Depending on the type of person you are—or which area you’re from—you either love the colder weather or hate it. Whether that’s the occasional cold front or all the winter months, you either love the frozen delights or hate all the problems that come with it, like dry skin and bad breath. Of all these ailments, however, dry mouth—the terrible sensation that comes with dried-out salivary glands—is the most common. The question, now, is this: can cold weather cause dry mouth?
There’s a lot of reasons why someone would have a dry mouth. And when we say “dry mouth,” we mean a mouth that’s devoid of saliva. There are different reasons why this happens, including:
- Prescription medicines
- Nerve damage
- Autoimmune disorders
Most of these cases involve some physical disruption of the salivary glands, whether physically or chemically. And half of it involves health problems. Knowing this, however, can cold weather cause dry mouth?
Can you get a dry mouth due to cold?
When colder weather comes around, your mouth isn’t the only thing that goes dry. You are also more likely to get a case of dry skin and dry eyes as well. Unlike those sweltering summer days, the air in cold weather is quite dry. Sweat, surprisingly, evaporates faster in colder weather than it does in hotter temperatures. But unlike the heat, your body doesn’t recognize it needs water when it’s freezing cold. All the dryness you feel in the winter months, then, is a result of dehydration.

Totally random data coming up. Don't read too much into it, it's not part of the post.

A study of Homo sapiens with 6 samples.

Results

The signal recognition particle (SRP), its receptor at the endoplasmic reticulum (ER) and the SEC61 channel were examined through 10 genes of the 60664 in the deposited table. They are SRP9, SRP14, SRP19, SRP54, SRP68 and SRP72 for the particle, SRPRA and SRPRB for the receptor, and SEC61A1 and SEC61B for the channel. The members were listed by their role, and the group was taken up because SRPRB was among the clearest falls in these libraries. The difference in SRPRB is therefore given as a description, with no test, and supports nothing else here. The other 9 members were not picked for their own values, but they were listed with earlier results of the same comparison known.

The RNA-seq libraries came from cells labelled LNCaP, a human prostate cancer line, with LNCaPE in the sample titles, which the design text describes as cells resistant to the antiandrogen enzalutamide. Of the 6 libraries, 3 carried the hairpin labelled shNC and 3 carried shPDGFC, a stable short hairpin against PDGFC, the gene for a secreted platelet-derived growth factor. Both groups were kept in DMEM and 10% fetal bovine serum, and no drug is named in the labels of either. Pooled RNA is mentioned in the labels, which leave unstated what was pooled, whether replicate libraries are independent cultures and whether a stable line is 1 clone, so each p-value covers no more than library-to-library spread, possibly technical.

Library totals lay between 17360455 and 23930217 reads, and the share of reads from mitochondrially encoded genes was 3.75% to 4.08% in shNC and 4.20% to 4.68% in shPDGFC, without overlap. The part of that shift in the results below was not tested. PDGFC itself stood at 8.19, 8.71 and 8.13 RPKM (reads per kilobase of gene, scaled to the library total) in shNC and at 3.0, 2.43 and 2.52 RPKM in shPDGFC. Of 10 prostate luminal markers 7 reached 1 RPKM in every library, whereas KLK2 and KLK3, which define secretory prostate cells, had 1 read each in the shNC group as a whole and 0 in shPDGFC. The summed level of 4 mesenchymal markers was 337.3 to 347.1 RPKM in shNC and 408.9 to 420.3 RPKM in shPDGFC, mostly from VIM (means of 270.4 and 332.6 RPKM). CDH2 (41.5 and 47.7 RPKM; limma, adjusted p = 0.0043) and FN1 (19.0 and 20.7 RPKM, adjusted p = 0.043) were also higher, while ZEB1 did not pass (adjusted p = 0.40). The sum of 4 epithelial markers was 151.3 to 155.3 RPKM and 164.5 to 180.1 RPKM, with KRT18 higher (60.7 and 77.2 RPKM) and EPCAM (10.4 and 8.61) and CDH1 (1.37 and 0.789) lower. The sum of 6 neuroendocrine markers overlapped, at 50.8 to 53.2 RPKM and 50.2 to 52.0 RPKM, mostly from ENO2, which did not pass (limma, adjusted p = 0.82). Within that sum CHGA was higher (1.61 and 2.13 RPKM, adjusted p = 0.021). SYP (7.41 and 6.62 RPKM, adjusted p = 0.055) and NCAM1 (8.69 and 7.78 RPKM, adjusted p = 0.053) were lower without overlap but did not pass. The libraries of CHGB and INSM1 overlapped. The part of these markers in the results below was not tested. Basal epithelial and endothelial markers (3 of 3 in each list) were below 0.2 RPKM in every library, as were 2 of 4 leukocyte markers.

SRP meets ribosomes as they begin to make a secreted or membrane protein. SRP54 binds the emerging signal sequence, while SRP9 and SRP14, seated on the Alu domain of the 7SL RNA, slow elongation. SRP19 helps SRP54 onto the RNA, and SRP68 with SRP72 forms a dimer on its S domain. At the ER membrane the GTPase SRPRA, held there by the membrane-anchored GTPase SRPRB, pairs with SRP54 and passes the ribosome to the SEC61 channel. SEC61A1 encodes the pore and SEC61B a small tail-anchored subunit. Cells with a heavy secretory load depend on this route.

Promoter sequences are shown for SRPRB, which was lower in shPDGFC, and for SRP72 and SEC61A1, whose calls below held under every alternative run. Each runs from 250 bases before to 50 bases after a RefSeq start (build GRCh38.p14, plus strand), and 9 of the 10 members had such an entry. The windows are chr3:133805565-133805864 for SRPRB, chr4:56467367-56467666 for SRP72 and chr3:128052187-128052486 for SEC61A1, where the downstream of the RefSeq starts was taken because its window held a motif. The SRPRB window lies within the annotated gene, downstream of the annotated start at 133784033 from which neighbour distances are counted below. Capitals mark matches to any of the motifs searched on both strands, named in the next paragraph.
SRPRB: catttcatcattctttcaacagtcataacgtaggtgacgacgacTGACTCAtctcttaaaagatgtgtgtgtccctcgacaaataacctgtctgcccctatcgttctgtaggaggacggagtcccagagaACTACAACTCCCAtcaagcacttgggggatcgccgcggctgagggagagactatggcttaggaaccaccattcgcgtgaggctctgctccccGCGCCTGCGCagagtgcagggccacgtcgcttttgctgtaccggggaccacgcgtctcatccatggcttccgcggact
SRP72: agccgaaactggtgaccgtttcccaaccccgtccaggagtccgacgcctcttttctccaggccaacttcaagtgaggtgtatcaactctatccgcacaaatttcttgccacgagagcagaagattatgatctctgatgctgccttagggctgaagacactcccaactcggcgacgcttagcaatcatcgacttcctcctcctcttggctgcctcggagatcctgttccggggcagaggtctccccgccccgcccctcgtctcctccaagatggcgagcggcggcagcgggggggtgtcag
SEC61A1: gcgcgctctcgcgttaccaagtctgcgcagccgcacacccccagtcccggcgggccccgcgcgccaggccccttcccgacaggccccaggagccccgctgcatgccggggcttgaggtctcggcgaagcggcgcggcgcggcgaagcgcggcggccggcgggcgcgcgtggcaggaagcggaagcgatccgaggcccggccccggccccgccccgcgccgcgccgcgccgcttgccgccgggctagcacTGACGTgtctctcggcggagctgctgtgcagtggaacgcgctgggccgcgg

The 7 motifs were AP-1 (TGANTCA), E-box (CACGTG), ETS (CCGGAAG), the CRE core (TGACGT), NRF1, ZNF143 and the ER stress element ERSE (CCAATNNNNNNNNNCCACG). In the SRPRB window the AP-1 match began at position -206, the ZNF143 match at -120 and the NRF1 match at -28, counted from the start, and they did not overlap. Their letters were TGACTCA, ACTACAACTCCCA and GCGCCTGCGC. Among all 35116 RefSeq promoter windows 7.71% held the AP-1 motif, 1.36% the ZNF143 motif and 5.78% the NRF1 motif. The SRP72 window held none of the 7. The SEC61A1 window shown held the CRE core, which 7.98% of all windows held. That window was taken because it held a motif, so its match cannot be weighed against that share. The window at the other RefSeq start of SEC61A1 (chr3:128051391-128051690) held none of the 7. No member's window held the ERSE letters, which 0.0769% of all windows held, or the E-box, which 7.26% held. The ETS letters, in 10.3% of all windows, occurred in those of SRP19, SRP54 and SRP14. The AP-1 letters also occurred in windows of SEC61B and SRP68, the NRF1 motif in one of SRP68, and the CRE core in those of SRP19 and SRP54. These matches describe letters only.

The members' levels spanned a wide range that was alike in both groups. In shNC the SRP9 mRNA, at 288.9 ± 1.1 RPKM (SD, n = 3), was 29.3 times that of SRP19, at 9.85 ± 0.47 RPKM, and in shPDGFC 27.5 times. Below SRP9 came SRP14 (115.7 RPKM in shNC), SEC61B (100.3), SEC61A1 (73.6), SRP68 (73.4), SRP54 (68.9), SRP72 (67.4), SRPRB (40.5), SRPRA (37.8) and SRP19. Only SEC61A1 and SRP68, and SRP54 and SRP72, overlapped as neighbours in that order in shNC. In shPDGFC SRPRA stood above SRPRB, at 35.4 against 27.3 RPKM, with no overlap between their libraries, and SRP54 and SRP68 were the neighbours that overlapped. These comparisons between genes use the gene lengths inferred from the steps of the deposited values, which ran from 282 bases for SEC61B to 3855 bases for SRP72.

The same thing goes for your saliva flow. When you lack water or other fluids in your body, your salivary glands produce less saliva than it would in average temperatures. If you tend to sleep with your mouth open, you might find yourself with a feeling of cottonmouth the day after. That’s because your mouth becomes extra dry. Not only do you have a limited amount of saliva flow, but the saliva left in your mouth immediately also evaporates once in contact with the dry air. It’s no wonder why you get dry mouth sleeping in winter.
So in a sense, cold weather can cause dry mouth. But not necessarily because of the cold. It’s because of the dryness. And this can lead to a slew of complications. When your salivary glands don’t produce enough saliva, you’re more likely to get tooth decay and bad breath. Because nothing sweeps away those bacteria-friendly sugars. What can you do then?
I’ve got a dry mouth sleeping in the winter months. What do I do now?
So let’s say you got a case of cottonmouth the day after. Now that we know why your mouth goes dry during colder weather, the next step is to understand how to solve it.
Fortunately, the answer is just right under your nose. If dry mouth due to cold is caused by dehydration, one of the easiest ways to solve this is to drink lots of water. Because you don’t feel as thirsty during the winter months, being intentional about your water intake is a significant first step to beating that wooly feeling.
Having some sugar-free gum at hand can also help your saliva production. Chewing, after all, queues your salivary glands to create more saliva. And if it contains xylitol, it also has the additional benefit of starving off those tooth decay-causing bacteria.
So when the next cold front arrives, don’t worry about getting a bad case of dry mouth. You have everything you need.